Iva Bittova a sensation with Present Music
Iva Bittová danced a little dance Saturday night, during her Huljet amid her concert with Present Music. Bittová, lithe and lovely at 52, bobbed and tip-toed through a couple of turns and danced like a little girl in a silly mood. That moment, so charming, so funny and so unbearably innocent, said something about her whole approach to music and performance.
She will do absolutely anything to make the musical and theatrical moment absolutely right. In six solo numbers and six with the Present Music ensemble, she groaned, squeaked, screamed, cried out, sang through a waggling tongue. (In the hilarious Painters in Paris, she somehow vocally conjured a gaggle of prattling Parisian women.) She also sang exquisitely in a variety of conventional styles and an astonishing array of timbres, from nearly operatic to glossy jazz to the edgy nasality associated with East European folk music.
As she vocalized, she played her violin. Sometimes, she used it as a drone instrument and sometimes primarily for rhythm. But more often, her voice and violin interacted in complex ways. In her setting of Gertrude Stein’s Spider (I am I), violin and voice begin in unison. Then the violin veers off into parallel harmony and then into counterpoint. Not easy.
While she does this sort of incredible stuff, she moves, smiles, makes eye contact with the audience and generally behaves like the most charming and eccentric pop singer ever. She’s as adorable as she is amazing, and the audience exploded with affectionate applause for her at the end of the concert.
Bittová’s music might ultimately depend on her presence, but she is a very canny composer nonetheless. She grew up in musical household in Moravia and absorbed influences from gypsy to klezmer to classical to jazz. All of it shows up reprocessed into music unique to her but immediately comprehensible.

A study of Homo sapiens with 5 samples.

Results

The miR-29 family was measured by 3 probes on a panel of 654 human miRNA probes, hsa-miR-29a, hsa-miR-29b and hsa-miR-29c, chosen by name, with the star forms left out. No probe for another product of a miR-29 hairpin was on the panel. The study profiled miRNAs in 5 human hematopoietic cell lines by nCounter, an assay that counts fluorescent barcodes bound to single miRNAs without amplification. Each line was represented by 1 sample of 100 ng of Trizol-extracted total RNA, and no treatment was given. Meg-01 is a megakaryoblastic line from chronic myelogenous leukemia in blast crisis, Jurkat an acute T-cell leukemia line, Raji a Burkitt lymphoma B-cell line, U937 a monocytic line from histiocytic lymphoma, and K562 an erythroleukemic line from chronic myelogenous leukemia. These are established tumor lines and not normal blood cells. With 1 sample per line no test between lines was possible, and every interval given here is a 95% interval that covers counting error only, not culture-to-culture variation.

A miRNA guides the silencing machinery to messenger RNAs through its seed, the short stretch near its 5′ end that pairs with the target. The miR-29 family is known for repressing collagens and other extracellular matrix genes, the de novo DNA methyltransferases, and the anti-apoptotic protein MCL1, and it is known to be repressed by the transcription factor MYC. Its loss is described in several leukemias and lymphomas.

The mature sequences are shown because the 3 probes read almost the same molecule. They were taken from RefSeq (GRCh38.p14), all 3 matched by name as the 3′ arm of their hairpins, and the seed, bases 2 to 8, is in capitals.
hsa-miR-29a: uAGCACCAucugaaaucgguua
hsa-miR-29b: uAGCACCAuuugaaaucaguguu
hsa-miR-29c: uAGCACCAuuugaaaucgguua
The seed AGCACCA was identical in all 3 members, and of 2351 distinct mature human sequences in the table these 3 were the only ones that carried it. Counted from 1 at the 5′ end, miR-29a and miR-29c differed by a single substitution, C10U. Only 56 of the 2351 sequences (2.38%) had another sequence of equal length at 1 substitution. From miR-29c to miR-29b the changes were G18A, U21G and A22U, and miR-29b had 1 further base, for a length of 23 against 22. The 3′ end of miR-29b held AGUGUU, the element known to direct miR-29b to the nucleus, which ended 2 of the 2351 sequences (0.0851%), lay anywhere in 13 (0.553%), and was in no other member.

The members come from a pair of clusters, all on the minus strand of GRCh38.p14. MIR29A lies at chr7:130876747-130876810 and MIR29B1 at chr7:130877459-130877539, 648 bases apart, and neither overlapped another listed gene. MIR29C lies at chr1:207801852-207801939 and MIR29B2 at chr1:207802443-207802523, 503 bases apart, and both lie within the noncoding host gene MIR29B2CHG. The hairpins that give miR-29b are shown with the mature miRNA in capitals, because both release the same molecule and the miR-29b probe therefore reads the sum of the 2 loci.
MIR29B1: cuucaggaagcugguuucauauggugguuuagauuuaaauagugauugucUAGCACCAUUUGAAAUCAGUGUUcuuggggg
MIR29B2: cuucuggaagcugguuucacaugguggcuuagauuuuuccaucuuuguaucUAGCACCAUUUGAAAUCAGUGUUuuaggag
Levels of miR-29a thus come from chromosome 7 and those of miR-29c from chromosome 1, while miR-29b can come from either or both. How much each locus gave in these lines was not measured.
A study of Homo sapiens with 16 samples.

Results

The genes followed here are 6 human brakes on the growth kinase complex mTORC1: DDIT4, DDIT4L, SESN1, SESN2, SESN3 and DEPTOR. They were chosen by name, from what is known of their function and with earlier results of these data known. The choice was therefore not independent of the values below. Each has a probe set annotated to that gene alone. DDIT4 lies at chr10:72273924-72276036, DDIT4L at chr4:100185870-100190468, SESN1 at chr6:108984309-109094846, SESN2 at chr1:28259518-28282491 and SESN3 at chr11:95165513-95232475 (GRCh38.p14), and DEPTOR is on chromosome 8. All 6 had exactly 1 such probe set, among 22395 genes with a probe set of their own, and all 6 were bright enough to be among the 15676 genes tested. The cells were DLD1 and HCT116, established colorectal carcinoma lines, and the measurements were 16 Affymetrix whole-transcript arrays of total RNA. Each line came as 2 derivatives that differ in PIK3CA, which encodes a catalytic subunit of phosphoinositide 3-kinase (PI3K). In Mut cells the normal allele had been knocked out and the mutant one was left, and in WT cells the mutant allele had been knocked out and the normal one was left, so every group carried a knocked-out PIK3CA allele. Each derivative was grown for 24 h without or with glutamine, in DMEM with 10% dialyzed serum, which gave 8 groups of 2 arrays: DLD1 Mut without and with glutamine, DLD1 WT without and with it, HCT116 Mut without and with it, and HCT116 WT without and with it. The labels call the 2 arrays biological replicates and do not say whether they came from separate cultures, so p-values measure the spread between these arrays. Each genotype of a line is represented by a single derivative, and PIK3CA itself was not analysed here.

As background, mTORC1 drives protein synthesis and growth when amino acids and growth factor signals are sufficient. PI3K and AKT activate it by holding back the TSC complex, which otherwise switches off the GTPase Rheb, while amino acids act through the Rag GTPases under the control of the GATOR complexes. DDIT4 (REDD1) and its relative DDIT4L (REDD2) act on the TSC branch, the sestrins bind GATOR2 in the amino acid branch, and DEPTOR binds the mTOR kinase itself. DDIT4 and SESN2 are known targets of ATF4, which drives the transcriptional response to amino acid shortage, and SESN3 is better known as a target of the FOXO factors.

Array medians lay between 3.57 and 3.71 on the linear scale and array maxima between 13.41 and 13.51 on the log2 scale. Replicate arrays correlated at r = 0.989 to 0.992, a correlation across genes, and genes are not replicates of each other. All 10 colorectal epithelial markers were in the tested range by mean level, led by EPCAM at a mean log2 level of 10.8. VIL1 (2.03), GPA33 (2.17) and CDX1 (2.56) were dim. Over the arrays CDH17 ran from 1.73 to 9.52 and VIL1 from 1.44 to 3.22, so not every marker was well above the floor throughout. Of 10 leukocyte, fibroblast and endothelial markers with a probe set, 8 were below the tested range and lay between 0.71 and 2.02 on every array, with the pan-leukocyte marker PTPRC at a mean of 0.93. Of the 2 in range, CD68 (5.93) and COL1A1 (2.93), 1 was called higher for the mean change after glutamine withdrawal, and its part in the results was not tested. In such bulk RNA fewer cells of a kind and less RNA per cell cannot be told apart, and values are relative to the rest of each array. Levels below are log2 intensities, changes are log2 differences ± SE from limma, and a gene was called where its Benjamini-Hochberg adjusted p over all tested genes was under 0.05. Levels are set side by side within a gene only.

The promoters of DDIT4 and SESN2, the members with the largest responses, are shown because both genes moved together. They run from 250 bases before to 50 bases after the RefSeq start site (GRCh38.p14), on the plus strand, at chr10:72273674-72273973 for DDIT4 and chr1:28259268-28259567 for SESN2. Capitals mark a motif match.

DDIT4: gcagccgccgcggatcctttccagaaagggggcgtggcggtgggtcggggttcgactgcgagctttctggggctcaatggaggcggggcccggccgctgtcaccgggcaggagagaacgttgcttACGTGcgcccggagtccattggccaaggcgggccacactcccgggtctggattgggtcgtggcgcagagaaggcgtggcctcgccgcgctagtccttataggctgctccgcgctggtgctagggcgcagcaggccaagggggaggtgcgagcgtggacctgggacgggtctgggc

It appears obvious that Bittová has absorbed the lessons of Minimalism — a good deal of repetition holds her compositions together, and she is fond of ostinato. And what ostinatos! Over the course of the evening she trotted out one bizarre repeating figure after another, all of them bristling with whipsaw rhythms, all of them distinct, all of them visceral and exciting, and all of them stamped in your brain after a single iteration. These repeating figures often give way to other ones and then recur, and thus help define structure and give character to episodes. Bittová’s music coheres and it goes somewhere.
A Funny Miss was the evening’s most ambitious and exciting work. This larger-scale piece involved pianist Cory Smythe, Eric Segnitz (on electric guitar for the occasion), cellist Adrien Zitoun, flutist Marie Sander, clarinetist Bill Helmers, percussionist Terry Smirl, artistic director Kevin Stalheim (on muted trumpet for the occasion). They interacted brilliantly and joyfully with the soloist and had ample opportunity to improvise within a taut overall structure. My personal favorite, though, was Samota (Loneliness). For this number, Bittová put down the violin and became a jazz chanteuse of the highest order, as Smythe dropped a very few notes into exactly the right places.
Steve Reich wrote the Double Sextet, the 2010 Pulitzer Prize winner in music, for Chicago’s Eighth Blackbird ensemble. Two live sextets can play it, or one part can be recorded and played against a live group. Sander (flute), Segnitz (violin), Helmers (clarinet), Zitoun (cello) and Smirl (vibraphone) played against Eighth Blackbird’s recorded part Saturday.
The piece opens with vibrating layers of rhythm that seem to change bit by bit over time. The music creates the impression of hurtling ahead through time and space, rather in the way of the fast parts of Reich’s Different Trains, but without the spoken words. From this dense and bustling complex, a lyrical theme emerges as if by magic. Reich recasts it and develops it in a substantial and lushly harmonized middle section unlike anything I can recall in his work. It is very beautiful. The first material returns — or, perhaps, higher, lighter music related to the opening bit follows the lyrical middle and brings us to a satisfying conclusion. Present Music delivered Reich’s goods with conviction and verve to make a composer weep with gratitude.
This program took place at the Humphrey Scottish Rite Center. Present Music’s next concert, on June 18, involves another great, unconventional modern diva, Amy X. Neuburg. The premiere of Jerome Kitzke’s Buffalo Nation, originally scheduled for May 7, has been postponed until next season.